The Brookhaven town landfill has become a growing landmark in Suffolk County, and now some who live and work next to the facility want it closed due to health concerns, CBS2’s Jennifer McLogan reported Thursday.

For 38 years, Theresa Palermo has taught at Frank P. Long Intermediate School, in the shadow of the massive Brookhaven town landfill.

“I went to school with my shirt over my mouth, gagging as I tried to get into the building,” Palermo told CBS2’s Jennifer McLogan on Thursday.

MORE: Teachers Fear Nearby Landfill Is Behind Rash Of Cancer Cases At Brookhaven School

Palermo, a non smoker, was diagnosed with lung cancer. In 2005, her left lung was removed.

She is one of 35 employees at Long Intermediate with documented cancers. That’s one-third of the workforce.

New York state has been asked to investigate cancer clustering in the building and other complaints.

“The kids have problems with the breathing,” Palermo said. “Our eyes are irritated constantly. I have chronic dizziness.”

Other problems include headaches, sinus issues and rashes.

“We are constantly sending kids to the nurse,” Palermo said.

Two dozen teachers and community residents have filed a lawsuit against the town of Brookhaven for dragging its feet in responding to years of health complaints and demands to modernize the landfill, so that dust odors and bacteria are contained, CBS2’s McLogan reported.

On a breezy Thursday the odors were strong outside the school. The landfill is scheduled to reach capacity and close in five to seven years. Until then, it generates $40 million annually into the town budget.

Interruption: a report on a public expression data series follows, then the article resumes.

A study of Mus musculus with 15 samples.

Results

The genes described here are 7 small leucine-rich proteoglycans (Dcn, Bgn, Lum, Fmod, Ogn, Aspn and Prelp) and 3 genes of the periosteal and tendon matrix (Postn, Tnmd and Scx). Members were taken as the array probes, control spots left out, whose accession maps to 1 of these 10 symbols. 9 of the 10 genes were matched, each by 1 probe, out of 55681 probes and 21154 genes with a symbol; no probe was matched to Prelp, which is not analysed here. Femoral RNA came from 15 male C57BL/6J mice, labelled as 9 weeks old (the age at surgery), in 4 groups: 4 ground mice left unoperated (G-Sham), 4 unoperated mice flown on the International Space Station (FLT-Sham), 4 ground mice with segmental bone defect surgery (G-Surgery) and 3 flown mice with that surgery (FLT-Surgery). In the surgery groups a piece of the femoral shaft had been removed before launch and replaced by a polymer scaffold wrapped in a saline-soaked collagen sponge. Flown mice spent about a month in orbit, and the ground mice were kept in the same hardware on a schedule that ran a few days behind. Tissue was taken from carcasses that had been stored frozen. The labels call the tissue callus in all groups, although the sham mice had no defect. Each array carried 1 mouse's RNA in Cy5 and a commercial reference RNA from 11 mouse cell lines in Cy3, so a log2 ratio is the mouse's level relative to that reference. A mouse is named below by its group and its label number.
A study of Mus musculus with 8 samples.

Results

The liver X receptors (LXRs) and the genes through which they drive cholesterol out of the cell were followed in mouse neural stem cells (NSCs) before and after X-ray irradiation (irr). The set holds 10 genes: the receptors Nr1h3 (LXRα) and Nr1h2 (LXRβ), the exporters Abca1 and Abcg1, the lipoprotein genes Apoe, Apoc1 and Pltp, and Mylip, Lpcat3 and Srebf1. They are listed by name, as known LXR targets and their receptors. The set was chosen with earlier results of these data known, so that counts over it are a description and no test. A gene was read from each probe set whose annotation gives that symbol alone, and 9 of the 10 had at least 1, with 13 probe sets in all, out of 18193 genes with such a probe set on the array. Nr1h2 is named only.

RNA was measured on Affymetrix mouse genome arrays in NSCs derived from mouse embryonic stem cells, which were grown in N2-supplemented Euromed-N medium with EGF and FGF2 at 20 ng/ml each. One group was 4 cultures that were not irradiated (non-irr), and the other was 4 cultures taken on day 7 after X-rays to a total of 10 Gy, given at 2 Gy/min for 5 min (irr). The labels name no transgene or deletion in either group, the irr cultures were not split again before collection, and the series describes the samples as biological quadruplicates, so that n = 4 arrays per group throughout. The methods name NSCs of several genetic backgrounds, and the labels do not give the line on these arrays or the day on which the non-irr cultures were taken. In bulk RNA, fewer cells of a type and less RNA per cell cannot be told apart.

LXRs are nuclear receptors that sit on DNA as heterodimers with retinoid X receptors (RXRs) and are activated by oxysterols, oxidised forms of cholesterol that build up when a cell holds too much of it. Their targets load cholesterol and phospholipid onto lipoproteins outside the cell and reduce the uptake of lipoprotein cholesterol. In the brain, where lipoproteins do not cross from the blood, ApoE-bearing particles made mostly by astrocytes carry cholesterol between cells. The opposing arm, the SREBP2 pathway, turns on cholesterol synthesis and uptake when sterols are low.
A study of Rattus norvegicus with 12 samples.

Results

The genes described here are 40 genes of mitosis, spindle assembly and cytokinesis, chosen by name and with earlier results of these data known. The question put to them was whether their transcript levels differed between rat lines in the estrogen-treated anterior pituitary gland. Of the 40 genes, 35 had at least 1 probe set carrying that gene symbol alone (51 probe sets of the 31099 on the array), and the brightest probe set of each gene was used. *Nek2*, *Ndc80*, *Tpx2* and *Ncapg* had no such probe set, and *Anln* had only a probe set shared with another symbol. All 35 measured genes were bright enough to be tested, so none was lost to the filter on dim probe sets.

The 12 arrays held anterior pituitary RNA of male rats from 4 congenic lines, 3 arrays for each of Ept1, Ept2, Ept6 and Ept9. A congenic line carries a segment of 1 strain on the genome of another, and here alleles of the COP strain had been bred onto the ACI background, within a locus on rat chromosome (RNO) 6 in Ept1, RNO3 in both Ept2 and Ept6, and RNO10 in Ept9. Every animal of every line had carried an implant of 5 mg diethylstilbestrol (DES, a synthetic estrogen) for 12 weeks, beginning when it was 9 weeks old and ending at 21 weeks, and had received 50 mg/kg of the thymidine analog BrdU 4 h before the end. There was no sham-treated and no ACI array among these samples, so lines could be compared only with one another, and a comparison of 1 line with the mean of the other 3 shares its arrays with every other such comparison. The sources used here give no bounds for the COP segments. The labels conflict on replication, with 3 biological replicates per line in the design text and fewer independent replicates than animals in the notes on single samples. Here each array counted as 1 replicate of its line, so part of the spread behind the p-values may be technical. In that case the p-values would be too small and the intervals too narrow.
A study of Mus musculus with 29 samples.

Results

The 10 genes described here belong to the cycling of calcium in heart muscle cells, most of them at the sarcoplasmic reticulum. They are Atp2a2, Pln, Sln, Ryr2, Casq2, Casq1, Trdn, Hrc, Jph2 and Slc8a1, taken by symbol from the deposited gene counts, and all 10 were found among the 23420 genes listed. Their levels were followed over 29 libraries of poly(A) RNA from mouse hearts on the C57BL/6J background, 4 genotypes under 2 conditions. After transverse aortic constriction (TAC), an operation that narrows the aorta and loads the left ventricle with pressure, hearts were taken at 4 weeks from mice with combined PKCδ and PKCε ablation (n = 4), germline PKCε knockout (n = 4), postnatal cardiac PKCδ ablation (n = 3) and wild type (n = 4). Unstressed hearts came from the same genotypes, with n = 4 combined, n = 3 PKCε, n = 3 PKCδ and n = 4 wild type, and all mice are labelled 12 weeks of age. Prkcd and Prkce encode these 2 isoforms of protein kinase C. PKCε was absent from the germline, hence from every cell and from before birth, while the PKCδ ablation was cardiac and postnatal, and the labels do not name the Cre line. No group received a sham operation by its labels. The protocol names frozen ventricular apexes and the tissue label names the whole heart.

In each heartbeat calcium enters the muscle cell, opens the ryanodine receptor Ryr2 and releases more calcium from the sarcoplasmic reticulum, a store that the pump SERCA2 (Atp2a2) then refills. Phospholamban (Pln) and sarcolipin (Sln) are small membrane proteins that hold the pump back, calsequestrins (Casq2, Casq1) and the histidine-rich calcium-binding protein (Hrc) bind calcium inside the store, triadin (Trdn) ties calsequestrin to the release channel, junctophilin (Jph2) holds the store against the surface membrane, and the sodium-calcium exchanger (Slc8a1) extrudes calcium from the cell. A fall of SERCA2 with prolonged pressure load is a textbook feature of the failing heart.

Environmental groups claim the town is more worried about the bottom line than citizens’ health, but Brookhaven remains steadfast.

“The town operates the landfill under a permit issued by the New York State Department of Environmental Conservation, who monitor the facility around the clock. As a result of testing, issues claimed are not caused by the landfill,” the town said in a statement.

“This is about people who want their voices heard. They want their health protected and this is an action of last resort to bring it before a judge, an impartial person who will look at the evidence and render a decision,” said Adrienne Esposito of the Citizens Campaign for the Environment.

“Change has to happen now. We can’t walk into the building come September,” Palermo said.

The town said the landfill will continue to be monitored and tested.

The South Country School District said ensuring the health and safety of its students, faculty and staff is priority number one. Results of extensive testing show air and soil are within normal range for a school building in Suffolk County.